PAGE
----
Sports Journalism Blog

By Jack Carney | @jackwcarney

Sports Capital Journalism Program

INDIANAPOLIS – A number of things helped James Conner in his victory over Hodgkins lymphoma.

The 12 rounds of chemotherapy treatment administered by Dr. Stanley Marks and his team at the University of Pittsburgh Medical Center certainly make the list. Also, likely, is Eric Berry, whom Conner calls his biggest inspiration. Berry, a safety for the Kansas City Chiefs, returned to the field in 2015 after being diagnosed with the same disease in December of 2014. And Conner’s own mental and physical toughness surely deserve a substantial share of the credit.

But there’s another important factor on the list. A goal that drove the Pittsburgh running back during his fight with cancer. His goal to become an NFL player.

This week he takes a big step closer to that dream as he participates in the 2017 NFL scouting combine.

“This right here,” Conner stated simply to reporters with regards to what helped him through his battle. “During treatments and everything, this was on my mind. Moments like this getting closer to my dream.”

In December of 2014, Conner was named Atlantic Coast Conference Player of the Year after running for 1,765 yards and a conference-record 26 touchdowns. The touchdown total also broke a 38-year-old school record held by Tony Dorsett, the 1976 Heisman Trophy winner.

One year later, Conner was diagnosed with Hodgkins lymphoma. The diagnosis came only a few months after a right knee injury ended his junior season.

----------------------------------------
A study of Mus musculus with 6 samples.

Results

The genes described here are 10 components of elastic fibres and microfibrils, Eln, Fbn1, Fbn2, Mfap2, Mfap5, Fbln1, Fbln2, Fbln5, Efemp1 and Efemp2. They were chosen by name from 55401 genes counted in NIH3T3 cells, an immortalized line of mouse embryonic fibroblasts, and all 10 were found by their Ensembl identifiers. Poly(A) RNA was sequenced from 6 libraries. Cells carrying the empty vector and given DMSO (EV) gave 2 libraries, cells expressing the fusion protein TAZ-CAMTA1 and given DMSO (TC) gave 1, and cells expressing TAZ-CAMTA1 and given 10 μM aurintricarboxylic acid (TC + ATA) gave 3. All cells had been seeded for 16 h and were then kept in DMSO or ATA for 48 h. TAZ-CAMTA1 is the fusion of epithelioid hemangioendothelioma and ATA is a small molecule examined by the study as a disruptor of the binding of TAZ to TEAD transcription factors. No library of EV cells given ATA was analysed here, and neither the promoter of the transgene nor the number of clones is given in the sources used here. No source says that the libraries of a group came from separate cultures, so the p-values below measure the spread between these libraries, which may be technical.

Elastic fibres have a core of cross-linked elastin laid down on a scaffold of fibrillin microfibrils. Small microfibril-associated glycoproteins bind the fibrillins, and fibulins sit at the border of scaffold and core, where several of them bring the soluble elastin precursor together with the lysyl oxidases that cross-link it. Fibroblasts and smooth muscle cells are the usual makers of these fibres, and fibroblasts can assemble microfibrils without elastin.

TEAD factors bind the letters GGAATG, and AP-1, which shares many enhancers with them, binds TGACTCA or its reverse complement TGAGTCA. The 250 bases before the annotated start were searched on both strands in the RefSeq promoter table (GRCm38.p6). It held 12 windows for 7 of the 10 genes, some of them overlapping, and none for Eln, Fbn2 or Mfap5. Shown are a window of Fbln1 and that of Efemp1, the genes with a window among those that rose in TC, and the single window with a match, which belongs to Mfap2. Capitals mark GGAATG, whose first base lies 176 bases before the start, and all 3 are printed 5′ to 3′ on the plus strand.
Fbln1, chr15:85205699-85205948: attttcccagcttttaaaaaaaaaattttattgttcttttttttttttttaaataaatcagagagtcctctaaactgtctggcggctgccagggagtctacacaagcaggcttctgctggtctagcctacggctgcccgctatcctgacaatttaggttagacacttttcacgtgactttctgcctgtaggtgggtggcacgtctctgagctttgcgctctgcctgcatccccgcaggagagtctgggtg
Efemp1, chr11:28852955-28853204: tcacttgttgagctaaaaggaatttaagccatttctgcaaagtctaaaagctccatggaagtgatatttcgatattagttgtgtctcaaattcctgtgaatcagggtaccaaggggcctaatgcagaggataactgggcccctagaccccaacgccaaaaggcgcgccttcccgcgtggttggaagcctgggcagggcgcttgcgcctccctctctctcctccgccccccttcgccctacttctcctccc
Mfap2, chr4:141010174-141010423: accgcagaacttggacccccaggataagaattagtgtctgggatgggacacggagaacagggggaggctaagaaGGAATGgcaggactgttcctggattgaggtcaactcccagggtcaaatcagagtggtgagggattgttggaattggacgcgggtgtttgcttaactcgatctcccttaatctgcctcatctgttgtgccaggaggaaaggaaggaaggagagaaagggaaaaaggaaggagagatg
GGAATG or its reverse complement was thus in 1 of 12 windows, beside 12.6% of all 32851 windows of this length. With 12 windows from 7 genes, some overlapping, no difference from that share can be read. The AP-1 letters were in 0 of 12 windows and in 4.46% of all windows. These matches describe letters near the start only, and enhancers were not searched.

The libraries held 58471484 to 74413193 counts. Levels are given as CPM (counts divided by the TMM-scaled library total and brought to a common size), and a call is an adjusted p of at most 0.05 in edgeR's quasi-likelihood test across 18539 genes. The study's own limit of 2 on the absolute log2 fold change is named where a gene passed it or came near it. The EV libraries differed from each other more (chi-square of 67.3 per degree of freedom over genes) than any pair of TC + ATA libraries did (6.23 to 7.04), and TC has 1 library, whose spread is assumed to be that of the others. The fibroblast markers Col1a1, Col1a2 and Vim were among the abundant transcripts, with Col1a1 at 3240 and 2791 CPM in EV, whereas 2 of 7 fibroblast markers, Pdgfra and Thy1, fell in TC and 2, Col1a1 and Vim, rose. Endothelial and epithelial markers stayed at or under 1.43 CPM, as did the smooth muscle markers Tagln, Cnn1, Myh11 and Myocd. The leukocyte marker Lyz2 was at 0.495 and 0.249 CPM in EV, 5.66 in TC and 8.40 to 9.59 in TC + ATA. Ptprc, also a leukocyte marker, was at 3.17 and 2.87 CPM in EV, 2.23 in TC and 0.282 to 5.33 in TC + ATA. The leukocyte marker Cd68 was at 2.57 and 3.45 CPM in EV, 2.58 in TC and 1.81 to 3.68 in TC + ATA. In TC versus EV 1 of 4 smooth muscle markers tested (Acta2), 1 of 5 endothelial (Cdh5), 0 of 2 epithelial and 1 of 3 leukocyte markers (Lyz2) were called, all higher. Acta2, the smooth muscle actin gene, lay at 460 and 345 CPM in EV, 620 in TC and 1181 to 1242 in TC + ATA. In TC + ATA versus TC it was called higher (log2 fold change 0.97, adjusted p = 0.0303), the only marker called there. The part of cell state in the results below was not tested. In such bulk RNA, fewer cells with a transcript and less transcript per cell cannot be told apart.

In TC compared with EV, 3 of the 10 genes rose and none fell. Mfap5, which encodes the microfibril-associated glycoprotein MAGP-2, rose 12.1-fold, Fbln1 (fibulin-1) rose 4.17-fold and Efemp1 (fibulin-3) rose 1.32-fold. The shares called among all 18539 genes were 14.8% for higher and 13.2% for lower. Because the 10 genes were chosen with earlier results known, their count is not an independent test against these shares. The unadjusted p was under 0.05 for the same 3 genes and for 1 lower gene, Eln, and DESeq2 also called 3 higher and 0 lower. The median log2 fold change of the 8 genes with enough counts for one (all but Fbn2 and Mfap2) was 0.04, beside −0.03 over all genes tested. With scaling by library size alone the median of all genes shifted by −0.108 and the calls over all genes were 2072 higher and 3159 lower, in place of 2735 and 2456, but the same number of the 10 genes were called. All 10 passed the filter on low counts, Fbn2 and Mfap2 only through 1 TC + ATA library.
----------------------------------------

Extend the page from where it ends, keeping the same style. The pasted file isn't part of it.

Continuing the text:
After 11 trying weeks of chemo, Conner was declared cancer free in complete remission in May, 2016. Conner went on to play for the Panthers in the fall running for 1,092 yards and 16 touchdowns.

Now with an opportunity to impress scouts, coaches and team executives; Conner says his health issues are behind him.

His knee no longer appears to be a concern evidenced by his productive 2016 campaign. The 2015 MCL tear was addressed with a repair as opposed to a total reconstruction. Conner believes his right knee is now almost stronger than the left one based on the quality of the procedure.

With regards to his cancer, Conner is still firmly in remission. A scan performed by Dr. Marks last Thursday came back clean. Conner said doctors will continue to test and monitor the situation for two years.

The running back’s long-term health doesn’t appear to be a concern for his potential NFL employers either. Conner said he hasn’t fielded many questions on the subject.

“All of the teams and the scouts, a lot of them are just saying congrats,” Conner said. “‘What you went through and how you defeated it is awesome.’ That’s what I’ve been getting a lot – a lot of congratulations.”

Prior to the combine, Conner reached out to a current NFL player with a similar story. Dallas Cowboys tight end Gavin Escobar was diagnosed with and overcame testicular cancer while playing college football at San Diego State. Escobar also received positive affirmations from NFL evaluators during his combine experience in 2013.

Conner relayed Escobar’s message to the media.

“It’s a great story to tell, and teams want to be a part of it,” Escobar told Conner.

Now that the combine is here, Conner’s focus is on his game. The Pittsburgh product is a big, bruising back at 6 feet, 2 inches. He models his punishing running style after NFL greats Marshawn Lynch and Frank Gore. But he’s actually dropped 12 pounds – down to 233 – from his college playing weight, perhaps in an effort to increase his speed. If scouts do have doubts about his health or abilities, a strong 40-yard dash time could certainly help alleviate them.

Conner is projected to be drafted somewhere between rounds four and six, according to multiple prognosticators.

Regardless of this week’s combine results, Conner will remain determined. After all, he’s been through challenges no other running back in this draft class has faced.

“I’ve been overcoming odds my whole life,” Conner said. “Even if I go undrafted, I’m still going in there to compete giving it everything I’ve got to make a team and make somebody proud.”

Undoubtedly, this inspirational young man has already made many people proud. And this week at the combine, he’ll take another step towards his NFL dream.